Thesauruses, usage guides, high-proof alcohol: there is no shortage of useful literary gifts for 2014, whether they’re as expensive as the rarest book or as cheap as a pencil. With this in mind, we’ve pulled together ten of the best possible goods for your literary or writerly or editorially-inclined loved ones, because book culture doesn’t have to end at the book and begin with book fetishism. Sometimes literary culture can begin with a book in a tiny sweater.
Angora Sweater Blood Spatters Quickly
I’ve already gone nuts about OR Books’ collection of Ed Wood Jr.’s NSFW writing, Blood Splatters Quickly, and here you can get the Angora Sweater version of the book. Why an Angora sweater? If the recipient of your gift is an Ed Wood fan, she’ll know. But here’s a teaser from the book:
“I’ll be looking forward to it.” She rubbed the front of her angora sweaters lightly again…the electrical shock was still there. “I could go the fur route myself.” —from “Sex Star” (1973)
And who doesn’t want a book dressed in a tiny sweater?
Language Lessons Volume 1
Released by Third Man Books, the new book arm of Jack White’s Third Man Records, Language Lessons Volume 1 includes a 321 page book of poetry and other writing by a range of award-winning authors, including C.D. Wright. It also includes two vinyl LPs of jazz, poetry, blues, punk, and pop.
Oxford Writer’s Thesaurus, Third Edition
Not the only thesaurus on this list, but perhaps the best when it comes to the quality of the word list, not to mention the notes and commentary by writers like Joshua Ferris, Francine Prose, David Foster Wallace, and Zadie Smith.
Bartlett’s Roget’s Thesaurus
The most underrated thesaurus in recent history, the 2003 edition of Bartlett’s Roget’s Thesaurus was a radical experiment never to be repeated. Organized in broad categories with subsections, the book functions as an idea generator as much as a word finder. You should pair this with the Oxford Writer’s Thesaurus, Third Edition.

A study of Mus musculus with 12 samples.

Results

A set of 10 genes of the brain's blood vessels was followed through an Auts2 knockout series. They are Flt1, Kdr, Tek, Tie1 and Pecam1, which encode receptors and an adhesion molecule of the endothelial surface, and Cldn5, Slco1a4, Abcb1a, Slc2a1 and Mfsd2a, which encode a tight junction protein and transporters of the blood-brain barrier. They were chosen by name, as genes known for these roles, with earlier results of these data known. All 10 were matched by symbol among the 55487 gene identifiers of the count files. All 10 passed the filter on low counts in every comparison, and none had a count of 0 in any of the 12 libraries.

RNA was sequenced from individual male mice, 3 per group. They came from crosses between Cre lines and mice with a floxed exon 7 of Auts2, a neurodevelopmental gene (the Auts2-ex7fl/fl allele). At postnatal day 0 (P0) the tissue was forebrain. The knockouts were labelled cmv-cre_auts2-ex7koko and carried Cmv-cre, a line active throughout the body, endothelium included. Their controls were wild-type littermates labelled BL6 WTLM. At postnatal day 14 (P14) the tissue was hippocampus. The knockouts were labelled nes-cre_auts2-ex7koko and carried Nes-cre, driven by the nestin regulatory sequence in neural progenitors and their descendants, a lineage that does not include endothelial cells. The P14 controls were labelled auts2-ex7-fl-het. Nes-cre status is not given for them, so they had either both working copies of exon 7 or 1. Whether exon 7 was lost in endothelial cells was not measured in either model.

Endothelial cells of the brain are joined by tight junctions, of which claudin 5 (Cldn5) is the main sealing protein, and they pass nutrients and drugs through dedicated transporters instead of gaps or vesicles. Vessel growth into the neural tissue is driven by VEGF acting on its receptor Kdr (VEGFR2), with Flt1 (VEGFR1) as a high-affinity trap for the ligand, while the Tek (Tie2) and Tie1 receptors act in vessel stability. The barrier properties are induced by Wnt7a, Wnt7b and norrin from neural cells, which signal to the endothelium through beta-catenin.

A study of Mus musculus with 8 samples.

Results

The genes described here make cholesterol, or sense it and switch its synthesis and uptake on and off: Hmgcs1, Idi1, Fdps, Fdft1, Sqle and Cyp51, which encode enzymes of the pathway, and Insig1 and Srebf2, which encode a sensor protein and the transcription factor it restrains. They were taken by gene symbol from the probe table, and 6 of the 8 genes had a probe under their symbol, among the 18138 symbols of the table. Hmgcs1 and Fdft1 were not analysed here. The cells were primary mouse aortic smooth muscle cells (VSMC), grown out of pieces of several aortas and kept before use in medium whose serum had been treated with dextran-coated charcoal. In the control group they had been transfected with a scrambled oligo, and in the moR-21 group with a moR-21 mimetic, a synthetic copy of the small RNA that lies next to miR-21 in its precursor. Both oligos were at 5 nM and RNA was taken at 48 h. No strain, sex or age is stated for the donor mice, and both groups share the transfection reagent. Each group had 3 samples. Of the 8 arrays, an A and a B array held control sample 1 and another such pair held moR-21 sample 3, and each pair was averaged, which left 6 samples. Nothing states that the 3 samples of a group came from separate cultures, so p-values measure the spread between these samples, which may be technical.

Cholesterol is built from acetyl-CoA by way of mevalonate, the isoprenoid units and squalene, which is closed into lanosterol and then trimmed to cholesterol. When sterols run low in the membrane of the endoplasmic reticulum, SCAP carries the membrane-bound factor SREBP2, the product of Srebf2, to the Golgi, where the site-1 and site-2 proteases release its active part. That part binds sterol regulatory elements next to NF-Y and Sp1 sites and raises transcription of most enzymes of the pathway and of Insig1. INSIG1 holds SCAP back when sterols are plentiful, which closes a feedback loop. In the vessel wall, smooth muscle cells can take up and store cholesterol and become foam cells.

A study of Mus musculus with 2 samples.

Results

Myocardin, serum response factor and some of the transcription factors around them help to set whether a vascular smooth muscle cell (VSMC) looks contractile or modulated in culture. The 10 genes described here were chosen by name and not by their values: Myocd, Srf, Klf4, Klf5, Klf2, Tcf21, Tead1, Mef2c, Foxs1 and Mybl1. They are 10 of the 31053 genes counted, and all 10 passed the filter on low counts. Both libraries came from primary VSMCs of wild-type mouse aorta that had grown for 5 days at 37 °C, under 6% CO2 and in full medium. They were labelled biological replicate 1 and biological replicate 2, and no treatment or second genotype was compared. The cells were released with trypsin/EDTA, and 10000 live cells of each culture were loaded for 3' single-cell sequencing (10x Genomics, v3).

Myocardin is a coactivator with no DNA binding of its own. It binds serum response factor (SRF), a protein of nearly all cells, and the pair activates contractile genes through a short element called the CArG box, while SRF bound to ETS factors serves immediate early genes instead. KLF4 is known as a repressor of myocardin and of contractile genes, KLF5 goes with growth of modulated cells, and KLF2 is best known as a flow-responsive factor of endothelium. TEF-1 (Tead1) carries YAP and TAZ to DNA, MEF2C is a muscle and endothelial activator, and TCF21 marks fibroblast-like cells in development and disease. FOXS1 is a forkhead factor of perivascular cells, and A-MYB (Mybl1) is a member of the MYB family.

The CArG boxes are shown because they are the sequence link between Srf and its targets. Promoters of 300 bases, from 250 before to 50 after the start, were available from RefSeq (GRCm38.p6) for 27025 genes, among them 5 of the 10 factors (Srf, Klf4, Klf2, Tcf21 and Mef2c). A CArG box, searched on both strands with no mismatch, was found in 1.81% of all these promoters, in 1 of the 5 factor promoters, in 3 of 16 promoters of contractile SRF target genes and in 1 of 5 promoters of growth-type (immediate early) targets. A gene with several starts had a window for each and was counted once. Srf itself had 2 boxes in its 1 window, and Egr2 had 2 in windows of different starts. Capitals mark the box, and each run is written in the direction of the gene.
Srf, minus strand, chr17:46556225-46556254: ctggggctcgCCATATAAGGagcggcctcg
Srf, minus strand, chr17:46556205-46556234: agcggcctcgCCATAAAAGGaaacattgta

Muji Folding Table
For the writer who, perpetually short of cash, will need to change house repeatedly in order to survive. I can say from experience that this folding table can be packed up quickly, and compactly, for easy relocation to another apartment, room, or city, should the debt collectors knock too hard.
Red Pencil / Pencil Sharpener
No legit editor or self-editing-writer would turn down this stocking stuffer, useful for hundreds of hours of auto-critique and self-loathing. It’s as simple as it gets: a manual pencil sharpener with high-quality red pencils.
This book eats at the edges of literary culture, but even though it stems from a conference held in 1975 — and was designed by group of artists that included filmmaker Kathryn Bigelow — it includes all sorts of artists, theorists, and writers that any serious reader will admire: Félix Guattari, William Burroughs, Kathy Acker, Michel Foucault, Sylvère Lotringer, Guy Hocquenghem, Gilles Deleuze, Jack Smith, John Cage, and others.
Vieux Pontarlier Absinthe
If your gift recipient is truly literary, and perhaps a fetishist for the 19th century, you will want to forego the bourbon, scotch, or other whiskey in favor of a nice bottle of absinthe. Zola, the surrealist Jarry, Oscar Wilde, Baudelaire, and Rimbaud were all prone to the mystical beauty of the absinthe hallucination.
Garner’s Modern American Usage, 3rd Edition
The best usage guide for American English, hands down. Bryan Garner also happened to be David Foster Wallace’s grammarian-of-choice, if that matters to you.
Shakespeare First Folio
Are you rich? Then spare no expense: buy your literary loved one a copy of Shakespeare’s First Folio — one was recently discovered in France — for a cool $20 million.